Small Business Fintech Survey 2022

Point-of-sale companies are trying to change a commodity business

With razor-thin margins, point-of-sale hardware and software providers want to add more services. The challenge is a market that remains highly fragmented.

Customer paying cashier

The point-of-sale market remains highly fragmented.

Photo: Blake Wisz/Unsplash

The market for retail payment-processing is highly fragmented, according to a survey of small businesses by Morning Consult and Protocol.

The businesses reported using a variety of providers, such as Square, Clover, Lightspeed and others. In the survey group, which included more than 700 U.S. small business owners, 35% of owners said they used Square, 7% Clover and 4% Lightspeed. Other providers include Revel, Verifone and Vantiv.

That picture matches other assessments of the point-of-sale market, like a recent report by Research and Markets, which found that even the largest providers made up only half of the market. Yet there is considerable potential for growth: In the restaurant industry, businesses spent less than 3% of total sales or $25 billion on technology in 2019, which Toast estimates will grow to $55 billion in 2024.

One reason it’s so fragmented: Payment processing is highly commoditized with razor-thin margins, with banks on either end and networks and gateways in the middle taking their own cuts. And small businesses are hard to reach, with legacy payments companies deploying armies of salespeople to hawk systems and competing on price. Customers generally weren’t very loyal, eagerly switching for a better deal.

Square was able to grab a foothold in this sales-driven industry by targeting micro-merchants that didn’t do enough volume to attract salespeople's attention and who were often daunted by the upfront cost of a point-of-sale device. Square has since sought to go upmarket to larger sellers; it now sells a $299 Terminal device, though its original $10 magnetic-stripe Reader is still available.

Given that fragmentation, point-of-sale hardware and software providers have sought to provide a range of services beyond just payments. That could lead to more loyal customers, said Leonard Speiser, a co-founder of Clover. If a small business runs its inventory on its point-of-sale system, it’s much more work to switch and re-train all its staff, he said.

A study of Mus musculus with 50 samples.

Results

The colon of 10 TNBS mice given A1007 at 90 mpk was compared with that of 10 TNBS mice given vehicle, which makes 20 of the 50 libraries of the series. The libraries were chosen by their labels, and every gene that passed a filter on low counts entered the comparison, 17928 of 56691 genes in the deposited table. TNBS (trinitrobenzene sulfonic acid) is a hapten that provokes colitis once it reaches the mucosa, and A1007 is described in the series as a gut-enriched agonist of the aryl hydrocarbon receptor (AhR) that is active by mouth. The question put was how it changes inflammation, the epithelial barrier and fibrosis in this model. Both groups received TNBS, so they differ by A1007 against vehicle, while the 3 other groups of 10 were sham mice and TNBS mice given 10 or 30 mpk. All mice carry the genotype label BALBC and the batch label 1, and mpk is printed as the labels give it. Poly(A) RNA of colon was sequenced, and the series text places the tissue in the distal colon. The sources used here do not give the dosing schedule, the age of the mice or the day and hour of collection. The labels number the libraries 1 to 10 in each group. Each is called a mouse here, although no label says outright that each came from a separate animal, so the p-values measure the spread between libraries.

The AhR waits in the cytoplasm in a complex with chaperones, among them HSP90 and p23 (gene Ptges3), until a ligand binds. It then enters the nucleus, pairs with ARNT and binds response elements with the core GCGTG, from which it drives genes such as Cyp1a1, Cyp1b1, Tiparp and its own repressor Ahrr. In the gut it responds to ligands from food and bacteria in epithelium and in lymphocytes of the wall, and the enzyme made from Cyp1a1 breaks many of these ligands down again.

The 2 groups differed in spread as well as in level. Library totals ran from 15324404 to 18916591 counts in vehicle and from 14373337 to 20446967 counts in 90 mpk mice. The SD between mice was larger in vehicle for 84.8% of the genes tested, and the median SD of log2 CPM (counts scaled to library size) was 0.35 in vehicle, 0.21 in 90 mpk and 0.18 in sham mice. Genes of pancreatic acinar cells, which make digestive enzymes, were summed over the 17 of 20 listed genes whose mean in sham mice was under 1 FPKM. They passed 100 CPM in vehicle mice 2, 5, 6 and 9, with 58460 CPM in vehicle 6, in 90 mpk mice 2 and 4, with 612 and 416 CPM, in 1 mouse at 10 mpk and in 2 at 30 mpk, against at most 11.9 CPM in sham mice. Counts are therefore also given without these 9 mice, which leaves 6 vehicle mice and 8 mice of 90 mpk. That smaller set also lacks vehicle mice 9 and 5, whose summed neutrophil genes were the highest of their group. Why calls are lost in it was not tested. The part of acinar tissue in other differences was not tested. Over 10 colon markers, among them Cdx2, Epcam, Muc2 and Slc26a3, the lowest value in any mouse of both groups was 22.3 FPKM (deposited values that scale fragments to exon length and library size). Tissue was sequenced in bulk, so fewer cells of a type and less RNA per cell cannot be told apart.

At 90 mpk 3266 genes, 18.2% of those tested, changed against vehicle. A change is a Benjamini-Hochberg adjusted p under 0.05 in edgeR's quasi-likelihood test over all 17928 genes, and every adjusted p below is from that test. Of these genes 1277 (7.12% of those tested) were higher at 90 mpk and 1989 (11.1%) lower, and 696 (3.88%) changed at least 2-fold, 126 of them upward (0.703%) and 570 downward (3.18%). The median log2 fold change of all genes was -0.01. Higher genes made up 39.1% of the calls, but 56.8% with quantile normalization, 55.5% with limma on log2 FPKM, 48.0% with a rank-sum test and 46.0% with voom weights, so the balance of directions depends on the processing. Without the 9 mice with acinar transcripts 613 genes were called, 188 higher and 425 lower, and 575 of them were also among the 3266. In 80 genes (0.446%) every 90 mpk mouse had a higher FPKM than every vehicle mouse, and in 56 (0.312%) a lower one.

“The more they use it for more than just payments the more they see the value,” Speiser said. “And the higher the switching costs.”

Clover began shipping its hardware in 2014 and quickly added an app marketplace, making it one of the first payment providers to offer third-party apps. As of July, Clover, which is now owned by Fiserv, was doing $184 billion in gross payment volume on an annualized basis.

Others have gone after specific verticals. Toast offers a number of services targeted specifically to restaurants, such as kitchen displays, invoice management, digital ordering and staff scheduling. Meanwhile, Lightspeed Payments offers ecommerce, payments processing and loyalty tools to its customers.

Square, now part of Block, offers a range of services from shift scheduling to payroll services. It seeks to generate revenue from software services from its larger customers while relying on payments revenue at the smaller end, where its free software helps retain customers.

With so many providers catering to different parts of the market, it’s not clear point-of-sale payments will get any less fragmented in the near term. But the market has changed in a significant way. Instead of armies of salespeople selling payments, it’s the payments service itself that has become a way to sell software.